Updated: 7 days ago
Non-practitioners often assume that rank in karate and other martial arts is a standardized affair, controlled perhaps by an official body located somewhere in japan. Those who train, of course, know that there’s no such thing and that a sixth-degree black belt in one dojo might not even be considered a first dan in another school.
That said, many budo organizations have worked to standardize testing among their members. If you belong to a dojo affiliated with a national or international group, chances are you have a test with specific requirements for each rank. This allows for a lot of order and predictability. You can go to any dojo affiliated with that organization and be fairly sure of the quality of the ranked students and they can be sure of yours.
Probably most practitioners would think this a positive. It is, in some ways. However, give some consideration to an alternative perspective on grading and standardization. Classical Japanese martial arts, also known as koryu, developed somewhat in isolation from one another. Keeping the essence of your ryu secret was a considerable advantage in an age of warfare. During the later feudal period, after Japan’s long civil war ended, there was some interchange among ryu. Members of one ryu, having gained enough skill — and received permission from their teacher— might have joined another ryu. In terms, though, of how the ryu were structured, each tended to follow its own protocol for rank. There was no standardization or need for such.
And by rank‚ note that the koryu system was and is entirely different from that of modern budo forms like karate. There was no need to give someone a rank, certificate or belt to signify skill. If you were alive, that was proof of your talent. The only need for certification was to establish who had the right to teach and transmit the ryu. That’s because a ryu was considered property. (They still are.)
To address this, the headmaster of the ryu issued a menkyo. Literally, it means “license.” This is the word most often associated with written proof of one’s authority to possess and transmit the ryu, but other terms were also used. As a ryu established itself, there was a need for members to be licensed to teach certain aspects of the art. So documents were written, like menkyo, to give the owner permission to do so. In some cases, these might have been loosely bound, like a book. In most cases, they were written on scrolls imprinted with the seal of the headmaster. These were also called mokuroku (catalog) and might be simply a list of all kata the recipient could teach. Or they might be called menjo (certificates). Yurushi is the term used in some ryu; it means “permission.”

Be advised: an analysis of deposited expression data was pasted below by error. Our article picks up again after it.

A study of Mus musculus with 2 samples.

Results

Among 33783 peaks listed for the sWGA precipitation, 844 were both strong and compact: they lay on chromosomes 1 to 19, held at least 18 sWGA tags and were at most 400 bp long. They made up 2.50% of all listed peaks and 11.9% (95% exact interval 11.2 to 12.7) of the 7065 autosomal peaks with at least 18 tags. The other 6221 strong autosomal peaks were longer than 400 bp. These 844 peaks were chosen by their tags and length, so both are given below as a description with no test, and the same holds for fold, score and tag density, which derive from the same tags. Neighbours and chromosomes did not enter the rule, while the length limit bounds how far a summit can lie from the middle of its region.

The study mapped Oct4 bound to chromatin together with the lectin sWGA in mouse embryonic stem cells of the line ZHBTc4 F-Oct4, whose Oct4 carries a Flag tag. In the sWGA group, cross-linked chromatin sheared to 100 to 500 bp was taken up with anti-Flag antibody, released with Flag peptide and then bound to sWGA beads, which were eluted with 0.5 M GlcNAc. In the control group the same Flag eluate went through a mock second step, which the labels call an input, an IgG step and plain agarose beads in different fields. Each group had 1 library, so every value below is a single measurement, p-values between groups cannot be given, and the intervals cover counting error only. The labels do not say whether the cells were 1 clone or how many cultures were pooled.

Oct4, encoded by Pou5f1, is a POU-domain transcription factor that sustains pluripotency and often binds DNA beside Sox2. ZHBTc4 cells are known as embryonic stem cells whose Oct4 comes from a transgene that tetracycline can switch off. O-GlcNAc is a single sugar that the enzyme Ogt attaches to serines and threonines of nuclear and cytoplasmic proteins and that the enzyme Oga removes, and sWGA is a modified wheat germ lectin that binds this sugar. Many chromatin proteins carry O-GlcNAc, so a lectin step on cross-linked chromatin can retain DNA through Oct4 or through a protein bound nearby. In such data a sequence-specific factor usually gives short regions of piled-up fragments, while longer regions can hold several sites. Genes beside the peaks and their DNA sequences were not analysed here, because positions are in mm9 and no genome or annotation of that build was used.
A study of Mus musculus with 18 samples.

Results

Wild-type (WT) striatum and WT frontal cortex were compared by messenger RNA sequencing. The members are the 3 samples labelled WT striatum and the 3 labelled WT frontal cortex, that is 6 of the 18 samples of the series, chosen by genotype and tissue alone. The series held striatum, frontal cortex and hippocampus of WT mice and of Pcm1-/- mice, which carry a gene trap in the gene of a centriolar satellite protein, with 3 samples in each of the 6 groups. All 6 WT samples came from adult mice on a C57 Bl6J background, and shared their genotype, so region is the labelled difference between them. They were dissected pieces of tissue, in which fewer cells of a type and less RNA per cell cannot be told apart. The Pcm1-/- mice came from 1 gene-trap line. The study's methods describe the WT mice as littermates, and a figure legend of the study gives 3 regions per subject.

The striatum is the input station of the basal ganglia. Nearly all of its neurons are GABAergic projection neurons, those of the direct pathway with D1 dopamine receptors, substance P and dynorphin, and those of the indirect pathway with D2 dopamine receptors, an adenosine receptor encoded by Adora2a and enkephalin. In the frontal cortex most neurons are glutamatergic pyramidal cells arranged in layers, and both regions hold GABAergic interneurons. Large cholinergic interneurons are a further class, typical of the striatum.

A few ryu issued a series of these licenses. A lower menkyo would give the owner the right to teach perhaps the first part of the ryu’s curriculum. As he became more skilled, a second license would be issued for him to teach the second part. Some ryu gave out no licenses at all except to the one person who had been designated to take the position of the next headmaster. “Ranks are meaningless,” some karateka insist. “They’re just dangled out there to keep students interested.”
This may be true; obvious symbols of rank have an appeal, particularly for people who are reward-oriented. It’s too harsh and generalizing, though, to dismiss rank systems as simple marketing devices. Colored-belt ranks — this is a big reason they were created — make it easier in a big dojo or organization for instructors and seniors to see the approximate skill level of practitioners they might not personally know.
However, what if your teacher, the leader of your budo organization, did personally know all the students? What if all practitioners of your art knew one another and trained together regularly? Would there still be a need or a desire for a standardized form of rank? While it’s impossible to read the future, I do wonder if the martial arts might see in this century an evolution toward smaller groups, toward less homogenization spread over entire regions and countries. Today,
many practitioners might think of Japan and its budo organizations as a kind of central authority.
Few of those practitioners, though, have been there or trained with the main instructors. Their sense of belonging to an art or a dojo lies with the person who actually teaches, in the building where they go regularly.
There was a time when few non-Japanese had the level of skill and experience to teach independently. As that has changed, more and more teachers are at a place where they need to take responsibility for their students. The idea that a seventh-dan teacher with four decades of experience instructing in his own dojo needs to bring in someone else to do grading is becoming increasingly odd. And pointless. How about if that teacher established the standards? He or she might decide to issue menkyo-type licenses instead of belt ranks. Maybe the teacher would decide to revamp the qualifications. Instead of students saying, “My rank is certified through the International Whatever Karate Association,” they would say, “My rank is certified by my teacher.” If a student looks bad or even mediocre, it reflects directly not on some organization but on that teacher. Organizational rank systems have their strengths and weaknesses. It’s worth considering.
Dave Lowry has written Karate Way since 1986. For more information about his articles and books, visit blackbeltmag.com and type his name into the search box.